AI: The Future is Now

Cover illustration for the Corgi paperback edition of The Darftsteller and Other Stories by Walter M. Miller, Jr.

Early Warning

Sometime in the 21st century, human actors and writers will become obsolete. Movies, television shows, and even stage plays will be performed by automatons, created from scans of the world’s top human actors and controlled by programs that have replaced human writers and directors.

Surprisingly, that is not a contemporary prediction. It’s a summary of the science-fiction novelette “The Darftsteller,” which first appeared in Astounding Science Fiction back in 1955. It went on to win the Hugo Award for its author, Walter M. Miller, Jr.

Although the technology depicted in Miller’s story is typical of 1950s science fiction (the artificial actors are robots and the computer programs are stored on tape), the central conflict is right out of today’s headlines.

Laurence Olivier was one of the first actors to make a posthumous, CGI-assisted appearance in a feature film, pictured above as mad scientist Dr. Totenkopf in Sky Captain and the World of Tomorrow.

This Might be the Future

Consider a recent article from NPR in which screen actors talk about being subjected to face and body scans while working as background performers on WandaVision. Sensing that refusal might jeopardize future employment, but fearing that the scan could result in his likeness being used without compensation in future productions, one actor lamented, “This might just be the future. We might just lose out jobs.”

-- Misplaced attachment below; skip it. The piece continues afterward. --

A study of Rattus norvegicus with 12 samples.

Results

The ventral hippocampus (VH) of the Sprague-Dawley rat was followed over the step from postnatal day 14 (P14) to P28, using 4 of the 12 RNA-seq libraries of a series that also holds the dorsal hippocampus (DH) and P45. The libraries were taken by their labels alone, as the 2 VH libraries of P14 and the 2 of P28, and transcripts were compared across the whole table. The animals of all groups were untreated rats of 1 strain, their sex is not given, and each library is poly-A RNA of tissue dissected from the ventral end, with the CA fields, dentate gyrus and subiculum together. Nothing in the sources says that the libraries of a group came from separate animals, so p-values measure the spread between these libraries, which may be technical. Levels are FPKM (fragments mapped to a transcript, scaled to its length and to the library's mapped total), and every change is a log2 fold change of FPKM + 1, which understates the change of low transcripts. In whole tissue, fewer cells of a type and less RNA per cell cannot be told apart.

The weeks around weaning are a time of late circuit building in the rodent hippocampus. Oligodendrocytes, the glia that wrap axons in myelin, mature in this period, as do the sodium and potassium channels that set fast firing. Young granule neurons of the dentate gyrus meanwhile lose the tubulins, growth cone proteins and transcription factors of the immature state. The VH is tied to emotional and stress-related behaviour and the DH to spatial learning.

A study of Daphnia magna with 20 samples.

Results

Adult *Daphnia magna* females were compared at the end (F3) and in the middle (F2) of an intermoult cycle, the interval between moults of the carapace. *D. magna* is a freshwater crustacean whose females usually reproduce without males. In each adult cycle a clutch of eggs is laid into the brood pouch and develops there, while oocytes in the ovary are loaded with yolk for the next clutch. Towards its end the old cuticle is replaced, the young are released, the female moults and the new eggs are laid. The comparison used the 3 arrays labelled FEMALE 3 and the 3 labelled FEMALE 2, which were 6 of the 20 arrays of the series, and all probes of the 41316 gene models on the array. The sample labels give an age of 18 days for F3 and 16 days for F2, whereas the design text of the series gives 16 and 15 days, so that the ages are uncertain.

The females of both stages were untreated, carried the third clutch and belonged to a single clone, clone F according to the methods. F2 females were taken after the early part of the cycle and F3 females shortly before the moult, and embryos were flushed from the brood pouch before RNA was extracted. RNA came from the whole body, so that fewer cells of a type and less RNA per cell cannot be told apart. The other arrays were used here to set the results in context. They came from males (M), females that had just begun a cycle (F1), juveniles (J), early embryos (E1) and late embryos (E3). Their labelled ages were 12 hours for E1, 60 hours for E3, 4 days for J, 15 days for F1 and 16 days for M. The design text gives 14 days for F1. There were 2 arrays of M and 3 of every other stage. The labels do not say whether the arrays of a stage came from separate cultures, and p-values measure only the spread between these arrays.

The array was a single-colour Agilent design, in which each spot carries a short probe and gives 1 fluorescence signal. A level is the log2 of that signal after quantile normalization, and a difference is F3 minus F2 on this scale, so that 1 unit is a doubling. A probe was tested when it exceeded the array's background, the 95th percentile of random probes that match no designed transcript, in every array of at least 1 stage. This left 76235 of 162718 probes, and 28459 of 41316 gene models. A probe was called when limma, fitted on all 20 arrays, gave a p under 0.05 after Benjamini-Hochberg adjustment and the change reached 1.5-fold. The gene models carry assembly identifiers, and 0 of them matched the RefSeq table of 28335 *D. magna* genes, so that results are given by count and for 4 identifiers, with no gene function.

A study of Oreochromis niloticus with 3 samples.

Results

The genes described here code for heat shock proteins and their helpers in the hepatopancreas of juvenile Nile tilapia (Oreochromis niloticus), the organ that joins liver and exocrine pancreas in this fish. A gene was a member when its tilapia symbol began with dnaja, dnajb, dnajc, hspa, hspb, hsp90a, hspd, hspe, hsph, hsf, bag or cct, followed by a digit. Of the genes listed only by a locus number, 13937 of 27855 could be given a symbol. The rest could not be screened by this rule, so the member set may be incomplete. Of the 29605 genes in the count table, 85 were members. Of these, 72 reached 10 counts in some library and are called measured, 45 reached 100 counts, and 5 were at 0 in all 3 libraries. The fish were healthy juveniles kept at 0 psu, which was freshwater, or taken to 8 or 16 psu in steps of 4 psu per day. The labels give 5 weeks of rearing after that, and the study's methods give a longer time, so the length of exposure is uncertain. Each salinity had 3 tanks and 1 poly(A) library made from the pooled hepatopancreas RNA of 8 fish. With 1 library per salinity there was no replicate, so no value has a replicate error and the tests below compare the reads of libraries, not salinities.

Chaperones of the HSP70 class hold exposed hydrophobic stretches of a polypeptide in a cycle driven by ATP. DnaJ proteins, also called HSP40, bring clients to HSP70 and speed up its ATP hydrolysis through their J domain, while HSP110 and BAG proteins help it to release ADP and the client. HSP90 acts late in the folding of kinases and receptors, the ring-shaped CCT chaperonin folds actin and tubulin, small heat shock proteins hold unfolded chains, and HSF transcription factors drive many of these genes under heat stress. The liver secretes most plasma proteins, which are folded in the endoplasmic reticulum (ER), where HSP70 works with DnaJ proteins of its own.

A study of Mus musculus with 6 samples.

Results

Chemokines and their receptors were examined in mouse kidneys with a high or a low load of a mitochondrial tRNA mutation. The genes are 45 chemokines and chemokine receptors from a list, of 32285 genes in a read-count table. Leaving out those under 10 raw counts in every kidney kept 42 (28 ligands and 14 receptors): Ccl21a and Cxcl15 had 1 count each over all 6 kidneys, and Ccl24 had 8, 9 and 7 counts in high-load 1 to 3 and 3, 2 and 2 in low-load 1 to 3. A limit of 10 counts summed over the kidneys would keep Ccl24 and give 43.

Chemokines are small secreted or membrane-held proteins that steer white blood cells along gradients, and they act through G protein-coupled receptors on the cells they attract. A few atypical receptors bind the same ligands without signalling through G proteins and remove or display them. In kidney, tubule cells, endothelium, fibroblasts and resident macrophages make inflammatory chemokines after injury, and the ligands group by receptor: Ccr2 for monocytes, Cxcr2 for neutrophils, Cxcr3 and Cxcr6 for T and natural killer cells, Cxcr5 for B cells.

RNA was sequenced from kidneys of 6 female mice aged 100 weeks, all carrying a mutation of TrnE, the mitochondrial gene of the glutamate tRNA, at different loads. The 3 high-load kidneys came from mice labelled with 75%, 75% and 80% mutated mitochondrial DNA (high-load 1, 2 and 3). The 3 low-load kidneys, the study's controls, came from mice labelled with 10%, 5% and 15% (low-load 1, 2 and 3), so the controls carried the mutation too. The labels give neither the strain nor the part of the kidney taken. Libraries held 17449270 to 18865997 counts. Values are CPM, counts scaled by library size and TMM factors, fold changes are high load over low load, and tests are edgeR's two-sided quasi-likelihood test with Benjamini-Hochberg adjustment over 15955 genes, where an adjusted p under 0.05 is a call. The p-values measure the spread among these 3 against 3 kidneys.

But it’s not merely a future concern. Take, for example, the posthumous performances of Laurence Olivier in Sky Captain and the World of Tomorrow (1989), Peter Cushing in Rogue One: A Star Wars Story (2016), and Christopher Reeves in The Flash (2023). And there are others. Lots of them. (See the Screen Rant article “Ten Actors Brought Back from the Dead with CGI” for a few more examples.)

At this point, I know of no feature films produced from AI-generated scripts. There is, however, the dramatic short The Safe Zone, which purports to have been written and directed with assistance from AI. Nevertheless, Pandora’s box has been opened, and it’s clear the concerns of SAG-AFTRA and the WGA are warranted. (See the LA Times article “As actors and writers push back on automation, Hollywood is in the midst of an AI hiring boom.”)

Discussing AI in the Arts at Confluence are (from left-to-right) The 21st-Century Scop, Ken Chiacchia, Hazel Zorn, and Scot Noel (moderator).

Impact of AI on SF

Last month, I discussed these issues and more while taking part in a panel at Confluence, one of the great regional science fiction conventions. Sponsored by PARSEC (aka the Pittsburgh Area Realtime Scientifiction Enthusiasts Club) and held at Pittsburgh Airport Sheraton, the convention ran from July 21-23 and featured readings, presentations, and panels on topics of interest to the SF community.

Naturally, AI was one of those topics.

Titled “The Impact of AI on SF Writing and SF Art” and moderated by Scot Noel (editor of DreamForge Magazine), the AI panel considered the ways in which machine learning may affect SF publishing in the future.

Click the player below to hear more. I’ll meet you there.